After the sea of colour and storm of noise came silence as, with 57 minutes on the clock, one decision by referee Ovidiu Hategan defined the first leg of Northern Ireland’s World Cup play-off and potentially destroyed 14 months of hard work.
The decision to award a penalty kick following a deflection off Corry Evans’ shoulder from a long-range Xherdan Shaqiri shot left the majority of the 18.269 crowd stunned and the Northern Ireland camp shocked.
Manager Michael O’Neill spoke of the need to now turn the sense of injustice into inspiration as Northern Ireland head for Basel and Sunday’s second - and final - step on the road to Russia.
“There’s nothing we can do about it now,” said O’Neill. “The players feel hard done by, they are angry but, to be fair, the reaction was very good and we have to channel that into Sunday night.
“We have to believe that, at 1-0 down, we are very much in the tie.
“It is obviously game-changing but dwelling on it isn’t going to do us any good.
“Whatever label you put on it is irrelevant, the most important thing is we use it in the right way, we overcome it and channel it into the game on Sunday.
“We go into the second leg with the strongest team available and I think we showed enough in the second half to believe we can get something.
“We are kind of in a situation in which we have nothing to lose now and we will see how the Swiss deal with that on their home territory.”
Evans entered the match as one of eight Northern Ireland players one card away from second-leg suspension - with the penalty incident serving up a double blow as the midfielder picked up the ultimate punishment of a decisive yellow.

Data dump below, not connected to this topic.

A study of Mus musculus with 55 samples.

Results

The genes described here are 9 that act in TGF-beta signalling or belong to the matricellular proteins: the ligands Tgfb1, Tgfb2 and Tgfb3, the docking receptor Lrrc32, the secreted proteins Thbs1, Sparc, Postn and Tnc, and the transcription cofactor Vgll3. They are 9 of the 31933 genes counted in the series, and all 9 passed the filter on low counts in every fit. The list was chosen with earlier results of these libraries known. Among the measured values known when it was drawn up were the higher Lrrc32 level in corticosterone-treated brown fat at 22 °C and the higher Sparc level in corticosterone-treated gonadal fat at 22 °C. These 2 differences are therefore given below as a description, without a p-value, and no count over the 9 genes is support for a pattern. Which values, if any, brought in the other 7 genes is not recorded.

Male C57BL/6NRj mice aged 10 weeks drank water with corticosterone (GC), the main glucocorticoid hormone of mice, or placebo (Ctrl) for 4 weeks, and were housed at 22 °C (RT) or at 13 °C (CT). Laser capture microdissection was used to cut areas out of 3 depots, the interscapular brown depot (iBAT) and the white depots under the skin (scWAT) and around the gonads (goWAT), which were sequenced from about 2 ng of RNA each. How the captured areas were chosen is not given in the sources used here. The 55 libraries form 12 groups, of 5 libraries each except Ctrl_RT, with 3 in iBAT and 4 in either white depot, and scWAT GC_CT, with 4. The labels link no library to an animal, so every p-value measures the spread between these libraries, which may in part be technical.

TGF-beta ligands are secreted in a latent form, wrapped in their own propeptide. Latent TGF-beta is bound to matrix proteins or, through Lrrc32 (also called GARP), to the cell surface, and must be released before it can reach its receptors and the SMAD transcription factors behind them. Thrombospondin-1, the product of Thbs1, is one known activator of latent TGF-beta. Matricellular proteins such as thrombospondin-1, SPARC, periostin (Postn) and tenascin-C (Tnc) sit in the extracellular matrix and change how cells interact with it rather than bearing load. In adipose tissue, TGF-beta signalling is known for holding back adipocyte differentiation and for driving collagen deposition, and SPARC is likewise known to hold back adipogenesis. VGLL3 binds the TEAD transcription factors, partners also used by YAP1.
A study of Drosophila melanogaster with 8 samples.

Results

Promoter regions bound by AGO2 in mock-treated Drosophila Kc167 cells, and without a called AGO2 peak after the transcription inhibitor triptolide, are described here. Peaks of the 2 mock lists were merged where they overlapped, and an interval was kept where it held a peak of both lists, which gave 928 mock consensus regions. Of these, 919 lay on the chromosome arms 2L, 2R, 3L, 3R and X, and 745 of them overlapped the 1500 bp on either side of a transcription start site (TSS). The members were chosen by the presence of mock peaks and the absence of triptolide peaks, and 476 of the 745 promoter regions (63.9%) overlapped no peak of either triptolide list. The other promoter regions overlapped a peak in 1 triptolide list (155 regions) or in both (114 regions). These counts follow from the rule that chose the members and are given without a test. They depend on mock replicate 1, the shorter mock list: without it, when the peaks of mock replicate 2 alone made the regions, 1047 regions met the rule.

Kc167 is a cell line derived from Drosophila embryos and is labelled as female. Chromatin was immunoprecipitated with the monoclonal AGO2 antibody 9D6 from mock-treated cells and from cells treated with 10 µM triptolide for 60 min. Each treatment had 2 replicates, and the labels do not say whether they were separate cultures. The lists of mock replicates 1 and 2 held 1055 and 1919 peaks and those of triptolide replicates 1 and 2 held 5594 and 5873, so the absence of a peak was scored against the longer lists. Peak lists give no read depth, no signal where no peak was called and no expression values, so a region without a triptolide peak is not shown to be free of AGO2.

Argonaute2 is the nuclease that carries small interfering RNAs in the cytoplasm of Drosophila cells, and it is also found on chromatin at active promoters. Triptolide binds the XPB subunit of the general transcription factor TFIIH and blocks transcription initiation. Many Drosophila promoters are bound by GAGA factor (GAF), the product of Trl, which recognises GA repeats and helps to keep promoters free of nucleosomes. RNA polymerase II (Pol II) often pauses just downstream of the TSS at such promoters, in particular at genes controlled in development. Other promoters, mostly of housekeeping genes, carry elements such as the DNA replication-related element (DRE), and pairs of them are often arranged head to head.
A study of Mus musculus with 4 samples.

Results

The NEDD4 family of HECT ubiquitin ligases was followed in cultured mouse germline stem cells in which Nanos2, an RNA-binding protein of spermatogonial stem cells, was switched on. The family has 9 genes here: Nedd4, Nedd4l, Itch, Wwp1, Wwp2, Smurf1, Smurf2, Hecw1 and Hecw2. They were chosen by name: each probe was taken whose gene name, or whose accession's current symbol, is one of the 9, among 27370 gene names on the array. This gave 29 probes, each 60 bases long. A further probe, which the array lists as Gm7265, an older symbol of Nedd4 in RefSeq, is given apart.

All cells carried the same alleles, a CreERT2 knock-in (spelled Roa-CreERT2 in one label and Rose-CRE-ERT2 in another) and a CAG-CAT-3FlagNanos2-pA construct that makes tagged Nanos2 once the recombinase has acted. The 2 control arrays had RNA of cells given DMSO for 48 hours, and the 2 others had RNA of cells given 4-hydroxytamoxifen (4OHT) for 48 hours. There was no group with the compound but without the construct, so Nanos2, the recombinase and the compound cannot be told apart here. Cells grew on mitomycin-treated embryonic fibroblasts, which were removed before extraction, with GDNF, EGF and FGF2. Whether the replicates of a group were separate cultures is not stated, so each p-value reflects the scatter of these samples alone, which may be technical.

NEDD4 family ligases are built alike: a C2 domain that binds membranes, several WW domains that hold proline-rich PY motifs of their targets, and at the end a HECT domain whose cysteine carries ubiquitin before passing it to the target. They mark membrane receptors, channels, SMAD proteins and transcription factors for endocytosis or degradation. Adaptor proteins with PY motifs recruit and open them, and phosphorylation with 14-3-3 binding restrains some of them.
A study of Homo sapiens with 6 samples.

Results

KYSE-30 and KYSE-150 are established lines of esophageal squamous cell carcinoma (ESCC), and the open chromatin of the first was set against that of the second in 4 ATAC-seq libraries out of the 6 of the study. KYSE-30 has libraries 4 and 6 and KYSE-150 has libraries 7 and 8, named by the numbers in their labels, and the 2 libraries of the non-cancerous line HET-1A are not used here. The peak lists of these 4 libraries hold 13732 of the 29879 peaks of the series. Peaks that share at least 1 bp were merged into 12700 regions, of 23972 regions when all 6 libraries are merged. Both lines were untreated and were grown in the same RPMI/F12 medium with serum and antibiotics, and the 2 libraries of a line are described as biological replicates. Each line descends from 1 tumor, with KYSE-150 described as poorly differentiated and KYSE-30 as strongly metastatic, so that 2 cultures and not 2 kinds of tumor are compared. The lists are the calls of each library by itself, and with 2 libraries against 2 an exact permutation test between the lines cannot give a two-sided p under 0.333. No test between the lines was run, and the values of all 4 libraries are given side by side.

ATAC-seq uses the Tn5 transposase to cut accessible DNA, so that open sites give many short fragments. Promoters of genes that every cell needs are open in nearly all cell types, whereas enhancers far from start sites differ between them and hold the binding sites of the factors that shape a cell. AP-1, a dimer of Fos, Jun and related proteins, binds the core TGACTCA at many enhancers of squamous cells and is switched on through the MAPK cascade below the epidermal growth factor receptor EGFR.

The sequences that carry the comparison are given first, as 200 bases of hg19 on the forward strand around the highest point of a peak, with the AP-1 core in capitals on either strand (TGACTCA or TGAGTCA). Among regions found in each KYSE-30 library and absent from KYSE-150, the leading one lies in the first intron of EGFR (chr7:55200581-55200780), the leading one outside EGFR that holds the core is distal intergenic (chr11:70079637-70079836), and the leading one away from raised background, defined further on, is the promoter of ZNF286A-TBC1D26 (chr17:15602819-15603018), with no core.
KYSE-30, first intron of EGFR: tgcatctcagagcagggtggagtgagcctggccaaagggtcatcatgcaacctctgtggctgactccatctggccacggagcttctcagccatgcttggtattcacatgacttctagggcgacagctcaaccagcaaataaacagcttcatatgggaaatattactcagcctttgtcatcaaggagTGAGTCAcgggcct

O’Neill, however, is backing Evans to bounce back and the squad to regroup ahead of Sunday.
“It will be fine in terms of time to refocus,” said O’Neill. “There was clearly anger on the pitch and with eight players on bookings I was a little bit concerned as it would have been easy to pick up another, although Corry now misses the second leg.
“Corry will be extremely disappointed but he’s got good team-mates and his brother (Jonny) in there and he’ll be fine.
“He’ll travel with us to Switzerland and it would be great if we could turn the tie on its head for him.
“If anything, it’s not like he committed a poor challenge or done something stupid, he just blocked the ball and the referee made a poor decision off the back of it.”
Fabian Schar’s first-half challenge on Stuart Dallas left O’Neill frustrated at the short-term decision to only award the Switzerland player a yellow - plus concerned over his winger’s long-term prospects of recovering in time for the second leg.
“In terms of the big incidents in the game, the tackle by Schar was, having seen it back, I feel a red card as he’s out of control with both feet off the ground,” said O’Neill. “Stuart’s touch and go to be honest, he did great to last as long as he did.
“Half-time wasn’t a good thing because, naturally, it stiffened up.
“You could see in the early part of the second half that he was struggling.
“We’re very stretched in terms of players fit and available.
“Jamie Ward’s got 40 minutes under his belt this season and we’re asking him to come in for a game of that magnitude.”